What do co-workers say about you?
This is top questions that all recruiters may ask you for an job interview. You should match this questions to job duties, job spec, your resume and cover letter. You can interview answer tips, interview answer samples as follows:
1. Answer structure
Try to show 2 different comments from 2 co-workers.
2. Answer tips
• If some people from your past are going to say you’re a boring A-hole, you don’t need to bring that up. Stay positive, always, and maybe have a few specific quotes in mind.
• Have a set of descriptive adjectives ready to describe yourself.
• Make sure you give a non-personal, but detailed description of who these people are to you.
• The more objective and non-biased you can convince the interviewer, the more they can trust the words of your friends/coworkers.
3. Answer samples
Answer sample 1
Paraphrase a testimony from a previous co-worker. “Rachael Smith, my co-worker at Livingston & Company, always said I was the most creative intern.” Quoting colleagues will reiterate your strengths to the interviewer.
Answer sample 2
I am a highly respected professional amoungst my co-workers and client group, a team player, humourous – can turn the worst seniorio into a fun learning session, dedicated, organized and efficient and trusted individual.
Related docs to job interview
• 45 interview questions and answers
Top 7 interview questions with answers
1. What have you done to improve your knowledge in the last year?
Try to include improvement activities that relate to the job. A wide variety of activities can be mentioned as positive self-improvement. Have some good ones handy to mention.
2. What experience do you have in this field?
Speak about specifics that relate to the position you are applying for. If you do not have specific experience, get as close as you can.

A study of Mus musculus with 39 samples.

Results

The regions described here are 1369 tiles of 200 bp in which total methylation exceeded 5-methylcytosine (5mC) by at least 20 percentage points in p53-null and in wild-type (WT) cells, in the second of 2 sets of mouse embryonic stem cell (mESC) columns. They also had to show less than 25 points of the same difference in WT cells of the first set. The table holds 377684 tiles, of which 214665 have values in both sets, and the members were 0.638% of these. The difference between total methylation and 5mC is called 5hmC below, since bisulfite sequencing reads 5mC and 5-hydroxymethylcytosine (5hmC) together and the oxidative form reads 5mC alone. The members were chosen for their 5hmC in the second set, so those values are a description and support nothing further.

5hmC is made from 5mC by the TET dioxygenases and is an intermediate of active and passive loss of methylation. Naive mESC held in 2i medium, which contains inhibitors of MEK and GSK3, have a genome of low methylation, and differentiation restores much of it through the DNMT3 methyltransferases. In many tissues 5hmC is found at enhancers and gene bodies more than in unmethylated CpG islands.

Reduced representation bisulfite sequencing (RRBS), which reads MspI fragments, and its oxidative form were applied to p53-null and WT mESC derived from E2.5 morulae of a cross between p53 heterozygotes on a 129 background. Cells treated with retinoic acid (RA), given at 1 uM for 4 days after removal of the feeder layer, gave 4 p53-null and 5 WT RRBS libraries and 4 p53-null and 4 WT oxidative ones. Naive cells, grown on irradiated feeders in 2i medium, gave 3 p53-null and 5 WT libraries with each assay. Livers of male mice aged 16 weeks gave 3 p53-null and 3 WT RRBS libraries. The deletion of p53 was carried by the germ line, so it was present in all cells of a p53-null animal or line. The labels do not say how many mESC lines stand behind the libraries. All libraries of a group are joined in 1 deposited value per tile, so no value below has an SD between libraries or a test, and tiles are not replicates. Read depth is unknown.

3. Describe a typical work week for you.
Interviewers expect a candidate for employment to discuss what they do while they are working in detail. Before you answer, consider the position you are applying for and how your current or past positions relate to it. The more you can connect your past experience with the job opening, the more successful you will be at answering the questions.
It should be obvious that it’s not a good idea talk about non-work related activities that you do on company time, but, I’ve had applicants tell me how they are often late because they have to drive a child to school or like to take a long lunch break to work at the gym.
Keep your answers focused on work and show the interviewer that you’re organized (“The first thing I do on Monday morning is check my voicemail and email, then I prioritize my activities for the week.”) and efficient.
4. What kind of salary do you need?
A loaded question. A nasty little game that you will probably lose if you answer first. So, do not answer it. Instead, say something like, That’s a tough question. Can you tell me the range for this position? In most cases, the interviewer, taken off guard, will tell you. If not, say that it can depend on the details of the job. Then give a wide range.
5. Explain how you would be an asset to this organization
You should be anxious for this question. It gives you a chance to highlight your best points as they relate to the position being discussed. Give a little advance thought to this relationship.
6. What is your greatest strength?
Numerous answers are good, just stay positive. A few good examples: Your ability to prioritize, Your problem-solving skills, Your ability to work under pressure, Your ability to focus on projects, Your professional expertise, Your leadership skills, Your positive attitude
7. Do you have any questions for me?
Always have some questions prepared. Questions prepared where you will be an asset to the organization are good. How soon will I be able to be productive? and What type of projects will I be able to assist on? Are examples.